Cannellini beans (Recipe: cannellini vinaigrette)
In 1988, the City of Boston, Massachusetts, unveiled Scheme Z, a series of bridges designed to cross the Charles River as part of a major highway relocation through the center of the city.
Whoever decided to call the bridge Scheme Z -- scheme anything -- was no marketing genius. Scheme Z became the rallying point for every community group that opposed the construction project. Nobody liked the implication that somehow the government was scheming to push through this design.
Today, the beautiful and architecturally distinctive Leonard P. Zakim Bunker Hill Bridge, carrying the new roadway across the river, defines the Boston skyline.
What's in a name?
White bean doesn't really get me going.
Cannellini bean sounds exotic, interesting, and... well, romantic.
The mild-flavored cannellini, shaped like a kidney bean, is native to Mexico, and cultivated in three of the most romantic countries on Earth: Greece, Italy and France.
Cannellini beans are my all-purpose white bean. I use them interchangeably with Great Northern or navy beans, or flageolets. In dishes that depend on the texture of the ingredients, I start with dry beans, and cook for 15 hours in the slow cooker (if I had a pressure cooker, I could soak the beans overnight, and then cook them in under an hour), but if I'm making a dish in which the beans will be smashed -- a dip, or soup, or salad, or bruschetta -- I prefer canned beans.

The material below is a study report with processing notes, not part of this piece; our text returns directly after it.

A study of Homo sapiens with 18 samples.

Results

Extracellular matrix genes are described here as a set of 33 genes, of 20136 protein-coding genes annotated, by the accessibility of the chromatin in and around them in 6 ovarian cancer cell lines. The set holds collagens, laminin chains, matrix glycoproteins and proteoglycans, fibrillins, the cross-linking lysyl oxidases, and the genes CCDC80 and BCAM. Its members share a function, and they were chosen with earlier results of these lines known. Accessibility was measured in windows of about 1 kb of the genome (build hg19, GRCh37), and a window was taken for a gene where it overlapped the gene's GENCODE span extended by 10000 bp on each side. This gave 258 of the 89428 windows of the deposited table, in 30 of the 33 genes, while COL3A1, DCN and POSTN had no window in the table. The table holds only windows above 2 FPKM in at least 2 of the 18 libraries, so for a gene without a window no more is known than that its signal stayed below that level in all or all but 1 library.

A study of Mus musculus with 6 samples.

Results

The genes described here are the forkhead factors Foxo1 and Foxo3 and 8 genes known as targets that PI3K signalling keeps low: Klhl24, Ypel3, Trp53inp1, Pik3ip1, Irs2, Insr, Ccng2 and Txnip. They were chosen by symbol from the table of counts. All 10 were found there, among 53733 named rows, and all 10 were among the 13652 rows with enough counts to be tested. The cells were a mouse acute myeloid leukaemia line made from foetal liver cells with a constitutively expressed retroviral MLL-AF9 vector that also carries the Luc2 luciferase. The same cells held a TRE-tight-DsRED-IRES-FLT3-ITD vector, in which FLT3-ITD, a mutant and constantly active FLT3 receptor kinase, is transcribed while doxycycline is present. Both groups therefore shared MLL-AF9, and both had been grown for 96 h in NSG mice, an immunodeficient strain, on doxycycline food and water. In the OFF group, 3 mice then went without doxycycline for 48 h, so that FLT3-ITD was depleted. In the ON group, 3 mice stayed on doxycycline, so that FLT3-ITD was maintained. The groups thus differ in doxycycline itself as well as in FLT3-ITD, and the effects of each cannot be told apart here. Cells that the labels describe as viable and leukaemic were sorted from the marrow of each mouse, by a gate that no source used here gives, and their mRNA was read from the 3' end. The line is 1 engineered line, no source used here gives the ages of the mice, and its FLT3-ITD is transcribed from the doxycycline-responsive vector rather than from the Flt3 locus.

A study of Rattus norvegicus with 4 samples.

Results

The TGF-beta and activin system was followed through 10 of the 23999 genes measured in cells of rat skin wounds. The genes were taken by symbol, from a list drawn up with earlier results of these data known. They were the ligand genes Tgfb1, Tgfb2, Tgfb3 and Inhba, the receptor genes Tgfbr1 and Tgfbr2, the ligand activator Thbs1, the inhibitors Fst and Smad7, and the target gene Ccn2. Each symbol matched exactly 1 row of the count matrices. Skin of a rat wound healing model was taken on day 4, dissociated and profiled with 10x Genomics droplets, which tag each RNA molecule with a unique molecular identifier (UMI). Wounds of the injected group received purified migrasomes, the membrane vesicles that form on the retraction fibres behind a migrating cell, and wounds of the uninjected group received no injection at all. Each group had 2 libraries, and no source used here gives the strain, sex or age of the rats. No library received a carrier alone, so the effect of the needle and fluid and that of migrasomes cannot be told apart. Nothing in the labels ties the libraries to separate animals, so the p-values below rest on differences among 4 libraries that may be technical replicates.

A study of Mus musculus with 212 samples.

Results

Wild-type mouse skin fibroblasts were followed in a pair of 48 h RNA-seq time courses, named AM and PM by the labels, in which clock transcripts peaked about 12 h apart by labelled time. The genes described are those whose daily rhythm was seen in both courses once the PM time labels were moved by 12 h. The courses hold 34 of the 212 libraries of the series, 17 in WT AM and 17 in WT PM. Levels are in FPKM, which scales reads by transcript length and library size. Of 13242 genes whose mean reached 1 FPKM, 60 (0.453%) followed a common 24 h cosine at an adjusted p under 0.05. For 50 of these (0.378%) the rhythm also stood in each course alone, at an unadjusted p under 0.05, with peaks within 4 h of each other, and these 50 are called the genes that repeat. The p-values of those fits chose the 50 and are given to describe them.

If you're starting with canned beans, be sure to drain and rinse them (to "refresh" them and remove any excess salt), though some recipes call for a bit of the reserved liquid to be added as a thickener. Canned beans are fully cooked, so should be added to most dishes close to the end of the cooking time.
I always have a few cans in my cupboard, for a romantic dinner of cannellini bean and sausage stew, white bean and roasted shrimp salad, cannellini bean dip, chicken and white bean chili, and the justly famous Italian soup, pasta e fagioli.
Adapted from Perfect Tapas, this salad would be perfect for a picnic, too. It comes together in five minutes, and no cooking required. Serves 4-6.
15-oz can cannellini beans
3 celery stalks, roughly chopped
1 gherkin pickle, finely chopped
2/3 cup extra virgin olive oil
4 Tbsp white wine vinegar
1 large garlic clove, finely chopped
2 tsp Dijon mustard
1 Tbsp chopped flat-leaf parsley
Pinch of sugar substitute, agave nectar or sugar, to taste
Kosher salt and fresh black pepper, to taste
Snipped fresh chives, for garnish
Drain and rinse the beans under cold water. Drain again, and add to a mixing bowl with the celery and pickle. In a small jar with a tight-fitting lid, combine the oil, vinegar, garlic, mustard, parsley and sugar substitute. Shake well to emulsify the dressing, and pour it over the beans. Season to taste with salt and pepper, and transfer to a serving dish. Serve at room temperature or cover and chill before serving. At the last moment, garnish with snipped chives.